Holding a mirror up to ourselves ain’t always easy. In this piece by Joann Lublin of the WSJ called How To Look and Act Like A Leader we learn about the various ways managers are addressing the issue of how they look and sound.
I agree that it is often the non-verbals that kill the deal. Judging by the WSJ comments, not everyone agrees. Some write that this kind of training unfairly focuses on women. Others think that it is a topic not even worth writing about. And a few link it to credibilty. I agree with the last camp. How we dress, how we sound and how we use our body do form an impression.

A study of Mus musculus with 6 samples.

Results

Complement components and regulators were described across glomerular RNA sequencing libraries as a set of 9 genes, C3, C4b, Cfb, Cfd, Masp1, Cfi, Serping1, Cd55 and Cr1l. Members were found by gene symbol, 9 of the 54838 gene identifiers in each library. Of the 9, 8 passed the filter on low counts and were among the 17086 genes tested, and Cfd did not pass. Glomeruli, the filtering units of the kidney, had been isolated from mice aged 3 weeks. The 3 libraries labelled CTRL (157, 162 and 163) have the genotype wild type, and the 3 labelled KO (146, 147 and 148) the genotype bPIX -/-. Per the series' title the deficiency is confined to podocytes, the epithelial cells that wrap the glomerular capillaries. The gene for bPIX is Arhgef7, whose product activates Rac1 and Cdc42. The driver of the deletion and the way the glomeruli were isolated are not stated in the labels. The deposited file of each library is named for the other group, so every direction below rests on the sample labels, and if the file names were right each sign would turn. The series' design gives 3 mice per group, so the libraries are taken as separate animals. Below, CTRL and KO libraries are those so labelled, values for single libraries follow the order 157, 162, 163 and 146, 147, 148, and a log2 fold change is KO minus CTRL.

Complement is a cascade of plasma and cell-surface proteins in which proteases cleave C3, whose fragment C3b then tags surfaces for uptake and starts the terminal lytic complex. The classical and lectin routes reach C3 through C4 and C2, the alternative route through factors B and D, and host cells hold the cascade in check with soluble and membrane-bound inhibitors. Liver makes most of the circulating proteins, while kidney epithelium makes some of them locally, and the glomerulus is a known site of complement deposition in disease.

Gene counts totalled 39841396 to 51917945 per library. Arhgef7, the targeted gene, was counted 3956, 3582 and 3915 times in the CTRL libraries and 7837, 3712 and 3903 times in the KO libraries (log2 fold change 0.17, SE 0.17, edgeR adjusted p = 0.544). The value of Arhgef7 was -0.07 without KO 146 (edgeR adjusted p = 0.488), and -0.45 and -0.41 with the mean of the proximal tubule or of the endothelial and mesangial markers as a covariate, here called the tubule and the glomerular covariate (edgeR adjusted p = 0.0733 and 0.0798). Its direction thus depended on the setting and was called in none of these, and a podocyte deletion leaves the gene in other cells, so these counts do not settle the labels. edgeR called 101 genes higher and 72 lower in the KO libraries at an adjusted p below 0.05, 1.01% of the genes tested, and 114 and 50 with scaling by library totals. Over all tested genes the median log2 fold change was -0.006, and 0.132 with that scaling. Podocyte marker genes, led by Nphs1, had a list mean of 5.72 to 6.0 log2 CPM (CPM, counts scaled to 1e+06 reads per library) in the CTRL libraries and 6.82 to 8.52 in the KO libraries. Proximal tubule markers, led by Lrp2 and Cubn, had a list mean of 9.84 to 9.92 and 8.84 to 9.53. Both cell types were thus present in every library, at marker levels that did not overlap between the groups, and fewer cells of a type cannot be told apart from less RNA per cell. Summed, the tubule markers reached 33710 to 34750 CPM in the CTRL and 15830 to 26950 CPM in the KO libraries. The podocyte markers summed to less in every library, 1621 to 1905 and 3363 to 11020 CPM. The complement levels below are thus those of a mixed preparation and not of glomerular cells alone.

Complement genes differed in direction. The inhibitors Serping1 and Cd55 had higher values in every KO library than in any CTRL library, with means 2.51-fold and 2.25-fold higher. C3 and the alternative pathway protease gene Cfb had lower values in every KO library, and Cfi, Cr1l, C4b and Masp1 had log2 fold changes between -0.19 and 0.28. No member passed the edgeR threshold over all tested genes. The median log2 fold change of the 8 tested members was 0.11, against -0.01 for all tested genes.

The often quoted stats are that 73% of our impact concerns our vocal and non-verbal presence. While these numbers have been questioned, I do think it is generally true. Leaders can command a room or they can speak and have their message land with a thud. It can be their tight shirt, lack of eye contact or chair slouching. Either way, it is typically not the content but how they present themselves when delivering it. Introverted and extroverted leaders alike can work at coming across in a more confident manner.
So how do you get started on enhancing your presence?
The best advice in the article came from James Citron a CEO recruiter for search firm Spencer Stuart. “Imitate their behaviors “that feel comfortable and natural for you,” he recommends. Mr. Citrin cites a CEO candidate he recently watched being interviewed by the board search committee at a $10-billion company. Among other things, the prospect “looked the committee members alternately straight in the eye” as he answered their questions “slowly but very clearly.”